Thursday, July 24, 2008

Klavan: We're a country of the imagination

Andrew Klavan on the imagination deficit:

Okay, so the Army isn’t Universal Studios. But the failures here are symptomatic of a larger imaginative deficit. From its tongue-tied commander in chief to its “information operations”—which even the military admits are regularly outdone by al-Qaida propagandists—down to the public-affairs people who deal with the local press, the military has so far been incapable of putting its urgent mission into narrative form. An insulated culture of taciturn heroism may work against them here, but there’s also the usual governmental cluelessness about dealing with the public. Even at Fort Bragg, when a sympathetic journalist—namely me—tried to get permission to join the training, I was at first given the sort of stone-faced runaround you usually associate with the Department of Motor Vehicles.

Now you may say that capturing the imagination isn’t the job of our fighting forces. But this is America, remember: we’re a country of the imagination, a living state of mind. We’re not connected to one another by bloodlines or any depth of native memory. We’re the descendants of an idea that every generation has to learn to hold in its collective consciousness. More than in any other country, it matters in America who we think we are and what we believe we’re doing.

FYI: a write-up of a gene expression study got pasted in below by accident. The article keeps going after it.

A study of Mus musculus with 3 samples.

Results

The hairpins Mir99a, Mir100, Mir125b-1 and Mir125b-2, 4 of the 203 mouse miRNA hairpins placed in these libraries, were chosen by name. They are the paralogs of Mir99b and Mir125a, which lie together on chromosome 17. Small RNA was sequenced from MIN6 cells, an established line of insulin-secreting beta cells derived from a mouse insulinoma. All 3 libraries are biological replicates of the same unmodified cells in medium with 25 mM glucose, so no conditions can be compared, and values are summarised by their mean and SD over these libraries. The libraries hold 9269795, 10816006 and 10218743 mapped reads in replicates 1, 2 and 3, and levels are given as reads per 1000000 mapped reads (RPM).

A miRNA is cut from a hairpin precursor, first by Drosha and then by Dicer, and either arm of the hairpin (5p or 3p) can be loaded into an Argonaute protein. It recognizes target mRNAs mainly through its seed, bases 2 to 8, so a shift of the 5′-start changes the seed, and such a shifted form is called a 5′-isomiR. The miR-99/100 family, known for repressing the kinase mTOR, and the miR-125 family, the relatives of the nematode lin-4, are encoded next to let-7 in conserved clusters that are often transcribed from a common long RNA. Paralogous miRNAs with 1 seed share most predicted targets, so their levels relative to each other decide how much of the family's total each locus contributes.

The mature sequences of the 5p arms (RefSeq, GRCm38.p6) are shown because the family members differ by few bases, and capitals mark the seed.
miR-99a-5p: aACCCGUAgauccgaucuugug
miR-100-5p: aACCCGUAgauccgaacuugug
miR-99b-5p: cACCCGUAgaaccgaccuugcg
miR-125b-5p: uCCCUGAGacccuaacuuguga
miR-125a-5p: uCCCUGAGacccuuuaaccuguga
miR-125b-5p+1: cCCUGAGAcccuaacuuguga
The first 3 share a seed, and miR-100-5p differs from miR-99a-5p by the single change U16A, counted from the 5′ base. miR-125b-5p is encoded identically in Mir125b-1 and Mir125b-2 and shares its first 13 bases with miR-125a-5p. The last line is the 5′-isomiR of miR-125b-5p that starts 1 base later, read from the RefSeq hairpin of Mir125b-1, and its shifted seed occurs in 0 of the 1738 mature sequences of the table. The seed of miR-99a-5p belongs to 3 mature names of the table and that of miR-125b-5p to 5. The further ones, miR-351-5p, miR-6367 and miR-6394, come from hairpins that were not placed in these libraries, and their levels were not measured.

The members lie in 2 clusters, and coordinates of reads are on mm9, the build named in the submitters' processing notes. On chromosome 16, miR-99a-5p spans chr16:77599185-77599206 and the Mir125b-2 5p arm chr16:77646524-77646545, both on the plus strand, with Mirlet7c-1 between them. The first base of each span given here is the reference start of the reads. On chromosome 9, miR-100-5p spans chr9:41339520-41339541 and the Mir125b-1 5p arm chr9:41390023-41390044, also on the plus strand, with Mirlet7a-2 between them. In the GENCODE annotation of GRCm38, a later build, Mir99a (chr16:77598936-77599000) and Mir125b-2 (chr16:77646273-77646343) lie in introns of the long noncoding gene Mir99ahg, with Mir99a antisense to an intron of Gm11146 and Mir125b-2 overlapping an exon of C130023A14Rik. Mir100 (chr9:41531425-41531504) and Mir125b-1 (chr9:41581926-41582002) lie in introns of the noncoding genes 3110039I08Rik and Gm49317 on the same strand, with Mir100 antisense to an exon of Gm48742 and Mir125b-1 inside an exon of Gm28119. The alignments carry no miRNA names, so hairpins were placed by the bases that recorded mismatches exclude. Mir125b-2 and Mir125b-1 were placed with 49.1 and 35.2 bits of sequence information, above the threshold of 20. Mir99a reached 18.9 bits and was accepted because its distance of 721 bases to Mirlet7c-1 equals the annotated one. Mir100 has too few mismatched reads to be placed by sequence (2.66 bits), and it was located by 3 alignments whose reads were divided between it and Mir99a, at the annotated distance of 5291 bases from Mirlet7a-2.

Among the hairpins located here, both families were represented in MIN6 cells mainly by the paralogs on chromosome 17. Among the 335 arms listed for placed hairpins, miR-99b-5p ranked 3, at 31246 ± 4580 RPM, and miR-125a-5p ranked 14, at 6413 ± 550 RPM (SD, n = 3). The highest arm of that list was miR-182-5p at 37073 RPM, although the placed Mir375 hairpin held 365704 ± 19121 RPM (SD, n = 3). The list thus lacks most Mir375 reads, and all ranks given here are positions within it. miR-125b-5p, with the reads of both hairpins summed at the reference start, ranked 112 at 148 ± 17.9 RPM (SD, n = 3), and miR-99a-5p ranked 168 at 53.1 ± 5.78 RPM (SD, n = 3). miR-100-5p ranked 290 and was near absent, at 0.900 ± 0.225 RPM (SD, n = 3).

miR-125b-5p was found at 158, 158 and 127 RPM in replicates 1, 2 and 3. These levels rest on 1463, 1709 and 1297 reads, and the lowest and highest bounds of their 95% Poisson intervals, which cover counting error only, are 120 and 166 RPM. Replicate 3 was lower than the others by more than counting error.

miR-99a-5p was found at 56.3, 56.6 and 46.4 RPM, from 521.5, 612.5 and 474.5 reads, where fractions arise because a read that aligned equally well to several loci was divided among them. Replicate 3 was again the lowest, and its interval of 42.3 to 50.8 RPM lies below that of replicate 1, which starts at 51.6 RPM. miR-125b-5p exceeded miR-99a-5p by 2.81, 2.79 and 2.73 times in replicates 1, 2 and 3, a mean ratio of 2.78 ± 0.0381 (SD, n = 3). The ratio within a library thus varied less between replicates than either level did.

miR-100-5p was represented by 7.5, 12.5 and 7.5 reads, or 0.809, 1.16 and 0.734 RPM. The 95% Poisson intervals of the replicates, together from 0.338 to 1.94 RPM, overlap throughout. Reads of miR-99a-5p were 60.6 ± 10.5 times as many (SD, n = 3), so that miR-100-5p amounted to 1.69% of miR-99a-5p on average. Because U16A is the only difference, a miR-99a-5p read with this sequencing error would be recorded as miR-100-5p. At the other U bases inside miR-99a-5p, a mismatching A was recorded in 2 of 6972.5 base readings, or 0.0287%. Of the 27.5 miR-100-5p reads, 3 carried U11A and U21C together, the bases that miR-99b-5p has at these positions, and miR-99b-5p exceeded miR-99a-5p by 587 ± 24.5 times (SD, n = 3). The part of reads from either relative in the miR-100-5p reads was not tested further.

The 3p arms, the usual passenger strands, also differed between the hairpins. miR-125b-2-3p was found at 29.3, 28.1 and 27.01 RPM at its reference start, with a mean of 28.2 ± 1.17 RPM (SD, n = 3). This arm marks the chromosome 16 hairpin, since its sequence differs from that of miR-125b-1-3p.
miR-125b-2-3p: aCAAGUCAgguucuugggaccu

Our academies, the news media that train in the academies, and the entertainment industry that’s informed by the news media have become, to my thinking, a sort of alternative state of the imagination, a kingdom of lies founded in the muck of hysterical guilt, historical distortion, and philosophical solipsism. In their fantastic and labyrinthine narrative, our fascist foes are Nemesis, the emanation of our own sins, and therefore our military can only be the mad or foolish servants of evil.

The real story is simpler, and it should be simple enough to tell: we’re up against another generation of the ever-present enemies of the American idea, and they have to be stopped by the sort of men and women who are training at Fort Bragg.